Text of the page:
Report: Climate change will have profound effects on Great Lakes region
A new report commissioned by the Environmental Law and Policy Center urges Great Lakes states to mitigate and prepare for the "profound" effects of climate change.
The report, authored by more than a dozen Midwest and Canadian researchers, says Great Lakes states will see more very hot days, increases in heavy rainfall and flooding, declines in crop yields, and threats to drinking water.
Lucinda Johnson of the University of Minnesota Duluth studies Great Lakes ecosystems. She says many of the effects can already be seen. For example, the water is warming in all the Great Lakes, not just Lake Erie.
"Lake Superior is beginning to experience algal blooms. This is unprecedented," says Johnson.
The report includes policy recommendations to reduce carbon emissions from states in the Midwest, as well as adapt to the warmer climate.
Policies that encourage the electrification of vehicles and public transportation systems are necessary, says the study, especially in the face of the Trump administration's efforts to roll back fuel economy standards and encourage the growth of fossil fuel industries.
It says another major adaptation should including large investments in energy efficiency, combined with decentralizing the current electric generation and distribution system as much as possible.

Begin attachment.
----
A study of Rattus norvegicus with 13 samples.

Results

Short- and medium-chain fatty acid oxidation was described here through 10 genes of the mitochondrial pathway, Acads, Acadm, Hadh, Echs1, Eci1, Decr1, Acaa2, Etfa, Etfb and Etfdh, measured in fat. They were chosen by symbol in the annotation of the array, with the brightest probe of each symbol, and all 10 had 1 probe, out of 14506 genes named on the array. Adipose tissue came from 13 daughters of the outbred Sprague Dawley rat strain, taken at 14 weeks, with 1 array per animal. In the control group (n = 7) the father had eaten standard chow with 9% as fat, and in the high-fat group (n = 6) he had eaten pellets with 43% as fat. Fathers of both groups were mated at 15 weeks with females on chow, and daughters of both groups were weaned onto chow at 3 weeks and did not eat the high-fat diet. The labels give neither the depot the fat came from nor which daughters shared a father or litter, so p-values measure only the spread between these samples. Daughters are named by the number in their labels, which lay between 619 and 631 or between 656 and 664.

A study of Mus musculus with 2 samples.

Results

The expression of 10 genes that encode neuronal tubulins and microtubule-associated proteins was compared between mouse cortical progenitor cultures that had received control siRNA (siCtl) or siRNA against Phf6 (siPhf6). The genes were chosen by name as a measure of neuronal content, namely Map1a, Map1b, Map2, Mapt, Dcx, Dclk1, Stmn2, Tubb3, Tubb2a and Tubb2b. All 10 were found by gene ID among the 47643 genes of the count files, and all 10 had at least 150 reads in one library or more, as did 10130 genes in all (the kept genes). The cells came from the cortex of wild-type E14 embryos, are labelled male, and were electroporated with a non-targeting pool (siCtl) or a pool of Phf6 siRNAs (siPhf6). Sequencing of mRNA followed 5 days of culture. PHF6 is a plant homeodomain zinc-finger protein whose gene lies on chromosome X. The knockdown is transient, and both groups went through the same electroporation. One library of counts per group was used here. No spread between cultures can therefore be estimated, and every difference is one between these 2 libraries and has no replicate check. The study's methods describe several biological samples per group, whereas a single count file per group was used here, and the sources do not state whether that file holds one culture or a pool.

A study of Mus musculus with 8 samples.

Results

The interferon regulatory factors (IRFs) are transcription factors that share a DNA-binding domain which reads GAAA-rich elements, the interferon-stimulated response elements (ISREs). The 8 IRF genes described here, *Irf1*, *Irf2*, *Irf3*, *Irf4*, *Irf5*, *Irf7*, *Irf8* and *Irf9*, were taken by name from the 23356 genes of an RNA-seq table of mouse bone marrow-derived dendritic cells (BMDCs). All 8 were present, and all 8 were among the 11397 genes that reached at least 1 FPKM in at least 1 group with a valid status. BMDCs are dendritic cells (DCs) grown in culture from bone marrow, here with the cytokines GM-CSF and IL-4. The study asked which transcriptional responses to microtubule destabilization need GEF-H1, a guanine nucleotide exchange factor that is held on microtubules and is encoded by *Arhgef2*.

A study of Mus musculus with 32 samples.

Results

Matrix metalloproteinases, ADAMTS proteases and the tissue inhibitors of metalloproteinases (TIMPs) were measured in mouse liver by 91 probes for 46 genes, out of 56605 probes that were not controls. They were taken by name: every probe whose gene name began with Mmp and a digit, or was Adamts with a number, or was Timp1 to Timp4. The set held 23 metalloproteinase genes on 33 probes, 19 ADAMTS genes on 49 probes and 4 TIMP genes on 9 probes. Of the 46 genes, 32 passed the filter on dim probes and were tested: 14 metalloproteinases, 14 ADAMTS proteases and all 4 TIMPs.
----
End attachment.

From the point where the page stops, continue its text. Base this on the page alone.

Donald Wuebbles with the University of Illinois says that would include more city and rural area micro-grids, which would operate independently from the larger grid system in the Midwest.
"These sorts of systems are more resilient in the face of polar vortexes in the winter and extreme heat waves in the summer," says Wuebbles.
The study is not particularly encouraging. But climate change will have even more dire impacts on other states, like California, western states, and the Southeast, says Johnson.
"As conditions get very bad in other parts of the U.S. and potentially the world, the Great Lakes region may experience a demographic shift," says Johnson. "That would benefit Great Lakes states from an influx of people and industries seeking conditions that are less bad."